Now that the shock of Justin Bieber’s haircut has worn off, America once again turns its attention to its most pressing issue. No, silly, not surging oil prices from unrest in the Middle East or erratic weather patterns or corporate greed. America needs to know what is happening with Charlie Sheen.
He’s not just another aging man trying to hold onto his youth by snorting coke off the bellies of porn stars. This is Charlie Sheen, America’s greatest comedic actor. While England can boast Lawrence Olivier and Anthony Hopkins, America can take pride in the sweeping range of Charlie Sheen’s acting skills. From his portrayal of the bad boy convict in Ferris Bueller’s Day Off to the bad boy pitcher in Major League to the bad boy pilot in Hot Shots to the bad boy skirt chaser in Two and a Half Men, Sheen has demonstrated that he can take on any roll.
Now, the mean executives at CBS have pulled the plug on his sitcom, and America sits in stunned silence, trying to pull itself together and recover from the loss of this comedic masterpiece. To get my finger on the pulse of how the average American is handling this crisis, I rushed to Ellis Chapel, Arkansas to speak with my old friend, Cletus McOnetooth.
“It’s painful,” Cletus said. “After wrestlin and Glenn Beck, it was my favorite show. You never knew from one week to the next if he was gonna make a joke about being drunk or being high. Sometimes, to really shake things up, he’d make a joke about being drunk and high. You can’t get no funnier than that.”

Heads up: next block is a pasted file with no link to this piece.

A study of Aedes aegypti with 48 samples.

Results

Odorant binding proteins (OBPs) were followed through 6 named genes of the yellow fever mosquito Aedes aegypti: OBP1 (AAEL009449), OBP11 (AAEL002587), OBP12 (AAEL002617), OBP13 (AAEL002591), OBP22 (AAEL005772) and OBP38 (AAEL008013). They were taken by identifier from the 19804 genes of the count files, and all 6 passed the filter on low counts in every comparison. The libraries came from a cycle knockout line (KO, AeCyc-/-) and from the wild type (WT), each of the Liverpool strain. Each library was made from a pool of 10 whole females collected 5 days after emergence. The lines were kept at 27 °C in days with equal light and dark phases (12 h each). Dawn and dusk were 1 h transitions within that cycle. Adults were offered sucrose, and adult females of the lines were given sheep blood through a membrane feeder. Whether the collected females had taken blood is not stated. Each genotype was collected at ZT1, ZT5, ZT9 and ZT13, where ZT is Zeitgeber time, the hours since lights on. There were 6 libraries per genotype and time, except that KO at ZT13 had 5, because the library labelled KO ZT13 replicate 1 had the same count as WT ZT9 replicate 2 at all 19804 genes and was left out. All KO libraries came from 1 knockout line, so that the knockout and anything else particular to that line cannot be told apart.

Cletus choked on the last words, tears streaming down his cheeks, so I stopped the interview to prevent permanent emotional scarring at recalling the loss of his third favorite TV program. But I knew America needed to know more about this terrible tragedy, so I rushed to South Carolina to sit down with conservative talk show host and blogger Joseph Cartwright III to see how the religious folk were holding up under the strain of these trying times.
“My callers are just stunned,” Cartwright said. “Who could’ve predicted that Charlie Sheen’s bad boy antics could ever lead to turmoil? No one expected this. I’ve even had liberals calling in my show to mourn for the cancelling of Two and a Half Men. That’s how important Charlie Sheen is to America. His comedic genius transcends politics and ideology. My audience and I are praying to the good Lord every day that somehow Charlie Sheen will return to TV soon.”
Touched by the outpouring of affection for America’s greatest comedic actor, I went to a local bar to toss back a few shots to show CBS my support for Sheen’s genius, and in the bar I was surrounded by dozens of other middle-aged men who had thrown away their families in pursuit of hookers and booze, and I marveled at the solidarity America can muster during times of real crisis.
This entry is dedicated to the spoiled and pampered celebrities around the globe who are tired of being confused with drug addicts and sleaze bags. May their talent and genius forever shine as a beacon of America’s greatness.